Legislative Committee in San Antonio Today Will Prepare for Base Closures

The Texas House Interim Defense and Veterans Affairs Committee holds a special session at St. Philips College in San Antonio today to discuss the possibilities of another round of military base closings, and how Texas and San Antonio can prepare, News Radio 1200 WOAI reports.

"Some of these generals have suggested there should be another round of base closings," State Rep. Roland Gutierrez (D-San Antonio) told 1200 WOAI news.  "There are a couple of Republican bills coming that call for another BRAC (Base Realignment and Closure Commission), so I feel it is coming."

There have been four rounds of BRAC since the Defense Base Closing and Realignment Act was passed in Congress in 1990.  The idea was to cut duplication and cut down on the size of the footprint of the domestic U.S. military following the end of the Vietnam War and the Cold War.  The responsibility was placed into the hands of an independent commission, because of the inherent political dangers of a member of Congress having a base closed in his or her district.

San Antonio has had a mixed result from the four BRAC rounds.  Perhaps the most devastating closure was Kelly Air Force Base in 1993 and Brooks Air Force Base in 1995,

But both of those facilities have been reborn into parks which employ more people today than they employed as military installations.  Brooks, the mixed use development, now includes stores, industrial facilities, hospitals, hotels, and residential complexes.  Port San Antonio, on the ground of the old Kelly Field, is a thriving industiral center which is home to cyber security and aerospace operations.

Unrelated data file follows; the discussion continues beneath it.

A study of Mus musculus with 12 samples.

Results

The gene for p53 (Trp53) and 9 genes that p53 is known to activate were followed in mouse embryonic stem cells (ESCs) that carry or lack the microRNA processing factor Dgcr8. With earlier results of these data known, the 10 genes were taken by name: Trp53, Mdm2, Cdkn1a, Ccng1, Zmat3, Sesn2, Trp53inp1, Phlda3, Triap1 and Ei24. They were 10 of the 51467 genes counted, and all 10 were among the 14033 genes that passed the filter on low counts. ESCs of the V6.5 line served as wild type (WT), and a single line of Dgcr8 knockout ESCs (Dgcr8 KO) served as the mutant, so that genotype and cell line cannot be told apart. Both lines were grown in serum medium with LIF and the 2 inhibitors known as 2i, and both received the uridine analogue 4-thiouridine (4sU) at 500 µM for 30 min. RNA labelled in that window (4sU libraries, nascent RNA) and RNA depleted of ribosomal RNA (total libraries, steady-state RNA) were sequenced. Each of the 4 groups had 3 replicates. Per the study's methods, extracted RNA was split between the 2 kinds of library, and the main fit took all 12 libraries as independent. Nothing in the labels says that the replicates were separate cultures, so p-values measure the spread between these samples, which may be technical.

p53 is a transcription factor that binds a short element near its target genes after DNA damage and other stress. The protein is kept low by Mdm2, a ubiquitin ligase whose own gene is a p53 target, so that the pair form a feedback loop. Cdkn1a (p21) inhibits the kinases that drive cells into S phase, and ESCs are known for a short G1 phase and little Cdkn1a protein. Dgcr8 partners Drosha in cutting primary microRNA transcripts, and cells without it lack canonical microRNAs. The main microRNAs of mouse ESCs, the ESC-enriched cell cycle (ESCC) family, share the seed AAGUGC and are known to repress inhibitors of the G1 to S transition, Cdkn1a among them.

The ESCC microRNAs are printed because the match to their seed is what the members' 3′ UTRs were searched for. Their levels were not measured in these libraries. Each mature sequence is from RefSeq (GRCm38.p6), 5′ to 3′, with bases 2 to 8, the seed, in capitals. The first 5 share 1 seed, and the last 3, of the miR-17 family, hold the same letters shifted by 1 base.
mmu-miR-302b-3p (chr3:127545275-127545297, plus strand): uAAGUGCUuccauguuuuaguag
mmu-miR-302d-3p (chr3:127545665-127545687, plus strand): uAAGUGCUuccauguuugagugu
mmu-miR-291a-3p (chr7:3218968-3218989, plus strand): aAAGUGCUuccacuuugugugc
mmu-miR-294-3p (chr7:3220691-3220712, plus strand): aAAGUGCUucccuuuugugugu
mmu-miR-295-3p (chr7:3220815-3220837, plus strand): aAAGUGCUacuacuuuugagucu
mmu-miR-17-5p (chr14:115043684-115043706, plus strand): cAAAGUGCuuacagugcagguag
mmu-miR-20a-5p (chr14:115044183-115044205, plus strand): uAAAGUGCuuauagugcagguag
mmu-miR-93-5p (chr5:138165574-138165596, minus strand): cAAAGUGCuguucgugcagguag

In 2005, the BRAC in fact voted to expand Brooke Army Medical Center into today's sprawling San Antonio Military Medical Center, and consolidating all of the Pentagon's medical training programs.  BAMC is now the largest military hospital in the U.S. Department of Defense.

But Gutierrez says it is still critical that the city and the state be prepared for additional rounds of base closures.

"It is simple things like making sure that we pass legislation that doesn't hurt our bases from an infrastructure development perspective."

He cites the measure approved in the 2017 Legislature to give cities zoning control within 5 miles of an active duty military facility, so they can make sure that no entities encroach on the base that would damage the military's mission.  That bill was most important to Camp Bullis, which is a unit of Ft. Sam Houston, because it is in unincorporated Bexar County and is located in a very fast growing area.

The City of San Antonio has also imposed light restrictions around military facilities, and moved to protect endangered species which might otherwise require large chunks of the base property under the Endangered Species Act.

The City and Bexar County have also encouraged other hospital groups not to open Level One Trauma Centers in the city, because BAMC requires a steady stream of trauma patients to train military medical personnel.

With much of the U.S. military posture moving toward cyber security and fighting unconventional wars, like the War on Terrorism, many have questioned why the traditional military still has such a large domestic footprint.  

Some military analysts say as much as 50% of the nation's current military facilities are redundant and could be closed without damaging the country's military posture.